At times it can be difficult to determine when tipping is appropriate and when it’s unnecessary. Tipping is done because many service providers receive a relatively low base pay and depend on tips to earn a good rate.
Tipping is not a mandatory practice; however, in certain scenarios, it is an expected or appropriate course of action. In Canada, tips generally range between 15% to 20% but can vary depending on who is being tipped.
Tipping at Restaurants
Tipping in restaurants is a common practice in many countries. In Canada, tips for wait staff/servers tend to range between 15 to 20% of the before-tax total.
Tipping at Hotels
Tipping at hotels can apply in a number of different scenarios. For instance, when hotel staff bring your baggage to your room, a tip of $2 to $5 per bag is an appropriate gesture of thanks. Another example is with valet service. If you make use of this feature consider tipping the valet $5 to $10, upon picking up your car. Your hotel room attendant is another person who should be tipped for their service. Consider writing ‘thank you’ on a notepad and leaving a tip with it.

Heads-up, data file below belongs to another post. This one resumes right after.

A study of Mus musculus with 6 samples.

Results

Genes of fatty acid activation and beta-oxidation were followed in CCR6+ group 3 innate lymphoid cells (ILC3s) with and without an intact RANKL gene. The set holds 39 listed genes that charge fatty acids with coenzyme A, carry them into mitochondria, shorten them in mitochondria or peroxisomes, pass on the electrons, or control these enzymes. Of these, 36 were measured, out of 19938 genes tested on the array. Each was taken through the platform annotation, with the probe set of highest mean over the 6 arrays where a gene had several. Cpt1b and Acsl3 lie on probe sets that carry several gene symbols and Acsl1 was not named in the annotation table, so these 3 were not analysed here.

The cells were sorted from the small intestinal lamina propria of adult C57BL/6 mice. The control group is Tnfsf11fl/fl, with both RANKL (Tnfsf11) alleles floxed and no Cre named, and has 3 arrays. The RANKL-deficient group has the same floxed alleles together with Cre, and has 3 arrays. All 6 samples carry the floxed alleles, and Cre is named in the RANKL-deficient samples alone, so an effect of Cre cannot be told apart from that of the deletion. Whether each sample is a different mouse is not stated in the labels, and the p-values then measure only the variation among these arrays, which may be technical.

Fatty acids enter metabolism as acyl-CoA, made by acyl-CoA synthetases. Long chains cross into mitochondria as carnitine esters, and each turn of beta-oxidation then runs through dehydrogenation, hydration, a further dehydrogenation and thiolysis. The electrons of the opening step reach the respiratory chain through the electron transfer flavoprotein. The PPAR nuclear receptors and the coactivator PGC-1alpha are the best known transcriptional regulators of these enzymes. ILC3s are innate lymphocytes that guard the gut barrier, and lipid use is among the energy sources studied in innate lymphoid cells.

The above scenarios are all common instances when you would be tipping hotel staff; however, there are other scenarios, such as if the hotel concierge does an extra service, like securing theatre tickets for you. This would deserve a tip.
When staying at a hotel, it’s important to check if a tip is included on top of the cost of service, as it would then be unnecessary to tip on top of this amount.
What Other Instances Should I Tip?
Other instances when tips are still an acceptable practice are with hair stylists, beauticians and masseurs. With these services, it’s still appropriate to tip between 15 to 20% of the before-tax total.
At the end of the day, we all want to feel the love! If you feel someone has really provided exceptional service, be kind and leave them a good tip as a sign of appreciation!